Thursday, December 12, 2019

The Story Keeper by Anna Mazzola


First Line: Shrieking split the leaden sky and Audrey looked up to see a host of birds, their wings ink-black against the grey.

It is 1857, and the Highland Clearances have left the Isle of Skye devastated, its remaining people mired in poverty. It is here that young Audrey Hart has come to help collect the folk and fairy tales of the people and communities.

When Audrey discovers the body of a young girl washed up on the beach, the crofters tell her that it's only a few weeks since another girl disappeared. The locals believe that the girls are victims of restless dead spirits that take the form of birds.

But Audrey becomes convinced that the girls' disappearances have nothing to do with the supernatural, and as she sets out to prove her theory, she finds her own life in danger.

The Isle of Skye, reeling from the Clearances, is the perfect atmospheric setting for Anna Mazzola's Gothic suspense novel, The Story Keeper. Newly arrived from London, young Audrey Hart is eager to begin collecting folk and fairy tales. But the locals are distrustful. To them, Audrey represents the people who burned so many of them out of their homes, the people who stole friends and family and sold them as slaves in America, the people who have forbidden them to speak their own language and share their own stories. It doesn't even really help if Audrey tells them that her mother was a Scot who often visited Skye to collect stories. Too much pain, so many losses, have colored the way these people feel-- and who can blame them?

The Story Keeper comes close to being the typical Gothic suspense novel (creepy house, strange behavior from the locals, bad weather, etc.), but Mazzola weaves so much of the life of the people into her story that it rises above the genre. And Audrey isn't the typical naïve heroine. She has an a-ha moment that should make all readers stop and think when she's "...wondering how many crimes had been concealed by claims of the mystical." Once she has that thought, The Story Keeper transforms from a typical Gothic novel to a murder mystery.

I really enjoyed The Story Keeper for the descriptions of the Isle of Skye, for the weaving of social history into the narrative, for the folk and fairy tales, and for its murder mystery (even though it wasn't very difficult to deduce the villains). I'll definitely be on the lookout for more of Mazzola's writing.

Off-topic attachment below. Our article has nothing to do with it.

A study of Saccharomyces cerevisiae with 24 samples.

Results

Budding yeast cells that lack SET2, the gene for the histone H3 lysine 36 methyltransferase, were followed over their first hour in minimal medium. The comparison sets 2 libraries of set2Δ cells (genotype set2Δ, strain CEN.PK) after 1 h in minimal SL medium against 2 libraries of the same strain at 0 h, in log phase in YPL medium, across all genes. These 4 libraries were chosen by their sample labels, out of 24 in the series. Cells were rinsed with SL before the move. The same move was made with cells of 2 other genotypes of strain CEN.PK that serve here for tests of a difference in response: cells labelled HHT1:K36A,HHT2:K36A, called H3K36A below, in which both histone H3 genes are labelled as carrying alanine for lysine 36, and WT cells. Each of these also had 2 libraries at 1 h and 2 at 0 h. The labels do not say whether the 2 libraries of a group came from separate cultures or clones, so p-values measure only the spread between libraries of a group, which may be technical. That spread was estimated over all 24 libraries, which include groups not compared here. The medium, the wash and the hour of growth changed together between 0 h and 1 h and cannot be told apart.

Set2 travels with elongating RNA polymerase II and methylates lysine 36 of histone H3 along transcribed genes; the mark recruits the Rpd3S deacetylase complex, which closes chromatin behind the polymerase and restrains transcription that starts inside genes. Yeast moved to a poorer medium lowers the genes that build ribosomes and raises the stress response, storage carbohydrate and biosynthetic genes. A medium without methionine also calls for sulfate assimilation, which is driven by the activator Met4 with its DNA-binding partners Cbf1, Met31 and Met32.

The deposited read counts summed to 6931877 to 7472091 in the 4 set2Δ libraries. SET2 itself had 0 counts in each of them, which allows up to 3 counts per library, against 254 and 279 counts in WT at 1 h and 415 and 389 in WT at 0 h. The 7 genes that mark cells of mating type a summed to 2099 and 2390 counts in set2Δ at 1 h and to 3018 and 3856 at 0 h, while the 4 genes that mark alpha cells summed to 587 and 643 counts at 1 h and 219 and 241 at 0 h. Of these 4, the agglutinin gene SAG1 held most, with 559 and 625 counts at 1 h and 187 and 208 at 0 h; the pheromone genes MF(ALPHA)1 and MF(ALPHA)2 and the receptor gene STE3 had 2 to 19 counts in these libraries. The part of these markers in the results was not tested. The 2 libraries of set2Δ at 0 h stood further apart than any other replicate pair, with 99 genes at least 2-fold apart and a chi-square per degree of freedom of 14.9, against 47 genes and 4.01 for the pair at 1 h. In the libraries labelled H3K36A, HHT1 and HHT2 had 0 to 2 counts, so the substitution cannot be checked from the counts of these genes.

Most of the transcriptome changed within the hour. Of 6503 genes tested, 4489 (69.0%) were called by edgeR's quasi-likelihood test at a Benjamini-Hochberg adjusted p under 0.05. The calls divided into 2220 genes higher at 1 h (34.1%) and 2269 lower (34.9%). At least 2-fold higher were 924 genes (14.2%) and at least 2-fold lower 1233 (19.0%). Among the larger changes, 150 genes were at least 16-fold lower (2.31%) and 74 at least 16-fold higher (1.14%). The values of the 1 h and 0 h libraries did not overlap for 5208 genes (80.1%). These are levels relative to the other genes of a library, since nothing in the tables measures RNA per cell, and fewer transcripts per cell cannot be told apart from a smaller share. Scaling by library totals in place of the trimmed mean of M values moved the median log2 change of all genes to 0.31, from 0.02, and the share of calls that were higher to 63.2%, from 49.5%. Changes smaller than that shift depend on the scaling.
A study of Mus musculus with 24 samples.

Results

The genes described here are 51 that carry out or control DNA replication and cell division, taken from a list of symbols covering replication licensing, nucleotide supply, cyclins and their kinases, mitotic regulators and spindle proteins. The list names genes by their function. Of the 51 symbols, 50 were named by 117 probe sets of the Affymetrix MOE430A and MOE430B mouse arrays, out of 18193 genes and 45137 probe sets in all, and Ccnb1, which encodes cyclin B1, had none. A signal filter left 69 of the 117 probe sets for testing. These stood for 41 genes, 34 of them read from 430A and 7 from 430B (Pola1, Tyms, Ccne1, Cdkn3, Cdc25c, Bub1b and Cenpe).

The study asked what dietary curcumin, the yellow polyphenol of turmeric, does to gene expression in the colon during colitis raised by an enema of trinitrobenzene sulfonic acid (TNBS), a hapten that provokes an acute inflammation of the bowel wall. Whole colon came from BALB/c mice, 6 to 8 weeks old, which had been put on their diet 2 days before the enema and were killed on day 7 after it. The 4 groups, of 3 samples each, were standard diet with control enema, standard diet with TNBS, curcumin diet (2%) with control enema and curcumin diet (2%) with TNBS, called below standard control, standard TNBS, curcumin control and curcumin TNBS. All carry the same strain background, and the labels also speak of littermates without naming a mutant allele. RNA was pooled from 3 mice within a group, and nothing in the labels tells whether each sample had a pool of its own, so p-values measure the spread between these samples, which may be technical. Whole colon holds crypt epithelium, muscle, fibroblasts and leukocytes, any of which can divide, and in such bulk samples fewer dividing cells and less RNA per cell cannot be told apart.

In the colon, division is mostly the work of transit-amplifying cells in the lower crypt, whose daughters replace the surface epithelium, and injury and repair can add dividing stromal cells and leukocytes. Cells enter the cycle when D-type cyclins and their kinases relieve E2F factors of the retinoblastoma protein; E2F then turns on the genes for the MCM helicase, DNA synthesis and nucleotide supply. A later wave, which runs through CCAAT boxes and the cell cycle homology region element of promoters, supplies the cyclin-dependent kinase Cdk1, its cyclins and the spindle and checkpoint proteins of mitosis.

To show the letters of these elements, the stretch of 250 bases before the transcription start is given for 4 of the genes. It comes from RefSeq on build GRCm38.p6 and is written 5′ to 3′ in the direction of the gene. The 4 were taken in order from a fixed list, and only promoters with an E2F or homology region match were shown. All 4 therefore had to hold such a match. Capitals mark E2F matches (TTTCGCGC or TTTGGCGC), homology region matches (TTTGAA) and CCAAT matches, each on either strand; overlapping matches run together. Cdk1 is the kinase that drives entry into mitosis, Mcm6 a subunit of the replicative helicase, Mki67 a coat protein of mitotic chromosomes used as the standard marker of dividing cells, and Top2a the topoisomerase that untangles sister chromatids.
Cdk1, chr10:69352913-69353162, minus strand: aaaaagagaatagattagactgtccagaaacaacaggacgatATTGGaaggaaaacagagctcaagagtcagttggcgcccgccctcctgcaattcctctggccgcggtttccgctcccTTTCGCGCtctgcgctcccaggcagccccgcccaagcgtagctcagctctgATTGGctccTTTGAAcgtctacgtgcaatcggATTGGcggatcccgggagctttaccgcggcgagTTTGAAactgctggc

The Story Keeper by Anna Mazzola
ISBN: 9781472234780
Tinder Press © 2018
Hardcover, 352 pages

Gothic Suspense, Standalone
Rating: A
Source: Purchased from Amazon UK.


 

11 comments:

  1. This looks interesting because I like reading about the history of the horrific Clearances. And this is a new to me author. So I'll try to get this book.

    ReplyDelete
    Replies
    1. I'm in this country due in part to ancestors in Scotland being thrown off their land. Reading what happened to them all during the Clearances makes my blood boil. So much injustice. Everywhere. And we refuse to learn.

      Delete
  2. This island was featured in another very good book which made excellent reading. I'd like to read this for the setting alone though the Gothic style mystery adds to the intrigue.

    ReplyDelete
    Replies
    1. In total, I've spent almost two weeks on the Isle of Skye, so I could "follow along" with the main character's travels.

      Delete
  3. I keep hearing how great this one is, Cathy. I still haven't gotten to it yet, but I know I will. This is one of those books that people should read, so that we learn/remember what happened...

    ReplyDelete
  4. I have this on my list. The Clearances have been an interest to me--and I always love a Gothic mystery!

    ReplyDelete
    Replies
    1. I hope you get a chance to read it, Jenclair.

      Delete
  5. I learned quite a bit about the Clearances from Peter May, and then I researched on the Internet. It was horrific. I think that people learn, but governments and the super-rich do not learn nor want to learn. Nov. 28 was what Indigenous people call Day of Mourning, to mourn the land that was taken from them, and the Trail of Tears where they were pushed off their lands to walk weatward; so many people died. And we could go on and on about this.

    ReplyDelete
    Replies
    1. Yes, we could, but let's read some good books instead.

      Delete
  6. There are good books about all of this, but not uplifting books.

    ReplyDelete

Thank you for taking the time to make a comment. I really appreciate it!